Yokota girls rally, then hold off Zama
YOKOTA AIR BASE, Japan -- Yokota coach Ty Gaume had two words for his Panthers softball team at the beginning of the season: “I believe.”
The Panthers took that motto all the way through their first Far East Softball Tournament championship Wednesday by defeating Zama 10-9 on Headley Field.
The championship game was the fourth time in five games this season that the two Kanto Plain juggernauts battled in a one-run game and came on Gaume’s birthday.
“This is an awesome birthday gift,” Gaume said. “The girls told me they were going to win this for my birthday. All I really wanted was for them to go out and put everything out on the field. I don’t care if that means we ended up in first, second, third or fourth place. Luckily we came out on the top end of that this time, and it feels fabulous.”
But the Heart Attack Cats didn’t make it easy on their gruff coach.
Down 9-6 and trailing since the first inning, Yokota’s Taylor Peche started a rally in the bottom of the fifth with a two-run inside-the-park home run making it 9-8. Two singles later, Tournament MVP Kaia Austin brought in the tying and go ahead runs off a hot shot that one-hopped through Zama’s middle infield.
Yokota’s Anysia Torres put the Trojans down in order in the top of the sixth and Zama’s Kimani Ferguson stranded one Yokota runner in the bottom of the inning.
The top of the seventh started fine for Yokota with a one-pitch hot grounder right to shortstop Austin who made the routine out. Torres then walked one batter before striking out the next.
But then Zama’s Nova Rivera tipped the ball right in front of the plate. Her swing put a strange spin on the ball and it took a strange bounce and she safely reached first.
Zama’a Krisha Reyes slapped a shot that looked like it may go over Austin’s head. But she leaped up and made the catch to end the game.
“When Kaia came down with that. Man, that was a relief,” Gaume said. “I saw these girls out shoveling snow off their field in the winter so they could practice. I would have hated to see the season end like that knowing how much time and effort they spent to earn this.”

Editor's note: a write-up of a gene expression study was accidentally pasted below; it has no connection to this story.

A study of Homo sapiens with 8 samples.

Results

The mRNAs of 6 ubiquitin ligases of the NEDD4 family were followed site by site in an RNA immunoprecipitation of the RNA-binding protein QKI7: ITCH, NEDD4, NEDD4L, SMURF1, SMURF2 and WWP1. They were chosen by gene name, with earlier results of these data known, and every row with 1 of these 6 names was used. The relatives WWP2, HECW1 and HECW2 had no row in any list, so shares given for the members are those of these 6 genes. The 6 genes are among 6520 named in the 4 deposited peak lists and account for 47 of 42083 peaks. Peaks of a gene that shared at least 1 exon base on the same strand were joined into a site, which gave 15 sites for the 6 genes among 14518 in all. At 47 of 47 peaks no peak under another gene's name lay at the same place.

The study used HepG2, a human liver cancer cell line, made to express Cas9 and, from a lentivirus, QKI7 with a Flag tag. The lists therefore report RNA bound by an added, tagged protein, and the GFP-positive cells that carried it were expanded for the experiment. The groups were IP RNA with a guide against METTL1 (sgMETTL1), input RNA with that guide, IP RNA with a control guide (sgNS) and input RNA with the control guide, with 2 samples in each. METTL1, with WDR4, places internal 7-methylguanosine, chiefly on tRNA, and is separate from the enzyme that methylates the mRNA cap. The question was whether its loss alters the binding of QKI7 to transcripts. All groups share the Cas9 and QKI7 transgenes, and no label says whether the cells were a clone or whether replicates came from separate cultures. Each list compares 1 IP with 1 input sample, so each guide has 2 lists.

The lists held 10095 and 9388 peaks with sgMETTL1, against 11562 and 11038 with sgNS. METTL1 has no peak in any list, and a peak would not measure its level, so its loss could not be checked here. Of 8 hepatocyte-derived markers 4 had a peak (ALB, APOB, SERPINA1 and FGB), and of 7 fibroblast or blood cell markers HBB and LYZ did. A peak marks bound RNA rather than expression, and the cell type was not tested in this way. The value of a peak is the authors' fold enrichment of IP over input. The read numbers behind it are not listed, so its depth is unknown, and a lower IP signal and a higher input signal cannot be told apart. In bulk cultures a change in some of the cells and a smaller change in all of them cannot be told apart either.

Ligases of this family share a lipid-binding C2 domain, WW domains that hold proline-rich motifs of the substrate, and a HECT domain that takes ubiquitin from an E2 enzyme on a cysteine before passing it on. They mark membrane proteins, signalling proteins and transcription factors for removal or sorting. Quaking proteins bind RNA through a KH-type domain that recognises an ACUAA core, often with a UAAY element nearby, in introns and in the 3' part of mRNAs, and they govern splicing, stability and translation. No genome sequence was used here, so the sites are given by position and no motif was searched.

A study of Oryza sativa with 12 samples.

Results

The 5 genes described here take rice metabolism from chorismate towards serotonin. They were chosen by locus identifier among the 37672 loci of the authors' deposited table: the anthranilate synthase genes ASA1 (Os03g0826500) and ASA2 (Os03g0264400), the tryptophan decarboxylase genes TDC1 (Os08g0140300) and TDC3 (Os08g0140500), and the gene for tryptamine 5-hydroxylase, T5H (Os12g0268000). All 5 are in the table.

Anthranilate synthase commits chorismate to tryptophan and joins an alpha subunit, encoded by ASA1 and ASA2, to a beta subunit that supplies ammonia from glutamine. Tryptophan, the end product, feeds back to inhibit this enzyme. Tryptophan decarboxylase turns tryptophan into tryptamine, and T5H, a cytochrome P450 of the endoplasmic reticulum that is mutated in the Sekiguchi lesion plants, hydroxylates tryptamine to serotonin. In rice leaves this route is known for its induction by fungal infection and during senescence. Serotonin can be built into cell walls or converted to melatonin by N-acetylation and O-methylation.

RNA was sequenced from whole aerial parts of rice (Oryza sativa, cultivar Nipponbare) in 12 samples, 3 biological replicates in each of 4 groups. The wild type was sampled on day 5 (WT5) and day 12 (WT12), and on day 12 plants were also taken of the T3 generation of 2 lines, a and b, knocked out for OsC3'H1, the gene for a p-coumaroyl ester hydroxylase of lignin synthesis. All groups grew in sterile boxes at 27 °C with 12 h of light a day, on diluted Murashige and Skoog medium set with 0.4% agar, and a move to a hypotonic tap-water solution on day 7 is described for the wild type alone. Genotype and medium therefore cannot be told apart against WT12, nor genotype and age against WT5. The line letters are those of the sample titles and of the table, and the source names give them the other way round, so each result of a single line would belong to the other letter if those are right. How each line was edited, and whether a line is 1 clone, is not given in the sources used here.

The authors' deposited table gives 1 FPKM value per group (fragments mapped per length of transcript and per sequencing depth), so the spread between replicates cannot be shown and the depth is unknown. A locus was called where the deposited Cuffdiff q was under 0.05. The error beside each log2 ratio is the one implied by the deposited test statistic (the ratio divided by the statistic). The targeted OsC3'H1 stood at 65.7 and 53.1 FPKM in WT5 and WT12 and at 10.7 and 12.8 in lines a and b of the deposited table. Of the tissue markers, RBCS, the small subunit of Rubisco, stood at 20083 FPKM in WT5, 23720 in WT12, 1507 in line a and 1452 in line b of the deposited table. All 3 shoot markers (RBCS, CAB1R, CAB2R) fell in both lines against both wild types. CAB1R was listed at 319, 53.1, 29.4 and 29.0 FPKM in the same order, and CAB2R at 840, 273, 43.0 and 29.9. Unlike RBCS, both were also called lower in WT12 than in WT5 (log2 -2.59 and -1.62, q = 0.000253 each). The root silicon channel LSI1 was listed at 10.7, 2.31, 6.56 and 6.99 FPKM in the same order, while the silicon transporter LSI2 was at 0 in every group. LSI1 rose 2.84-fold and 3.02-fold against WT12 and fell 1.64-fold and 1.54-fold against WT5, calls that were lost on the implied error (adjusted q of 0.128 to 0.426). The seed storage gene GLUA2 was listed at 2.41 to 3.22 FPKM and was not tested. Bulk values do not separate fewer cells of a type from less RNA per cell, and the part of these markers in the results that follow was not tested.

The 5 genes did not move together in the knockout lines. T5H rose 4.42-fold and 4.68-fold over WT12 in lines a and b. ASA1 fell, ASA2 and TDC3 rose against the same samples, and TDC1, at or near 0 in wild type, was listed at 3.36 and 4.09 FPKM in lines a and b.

Austin was among those shoveling, looking for a way to get extra practice time and build team chemistry. The sophomore MVP was quick to recognize her teammates for helping her achieve her goals, but also talked about how the Trojans helped her team.
“Zama is a really tough, really competitive team,” Austin said. “They have a great coach and they always come out and give us everything they have. We knew they were going to be aggressive from all of the times we’ve played them. Their intensity has really helped us become a better team. It’s been a lot of fun playing them this year.”
Zama coach Aaron Wells is expecting a great rivalry with Yokota over the next few years. The runner-up Trojans are made up of mostly freshman and sophomores with most expect to return next season.
“It’s like I have 11 daughters on the field. That’s really the only way I can explain how proud of these girls I am. They fought as a team to get better as a team, so to come this close was devastating to them. They were crying after the game, and I was right there with them crying, too. It hurts now, but this is going to springboard our confidence going into next year and give us a chip on our shoulders.”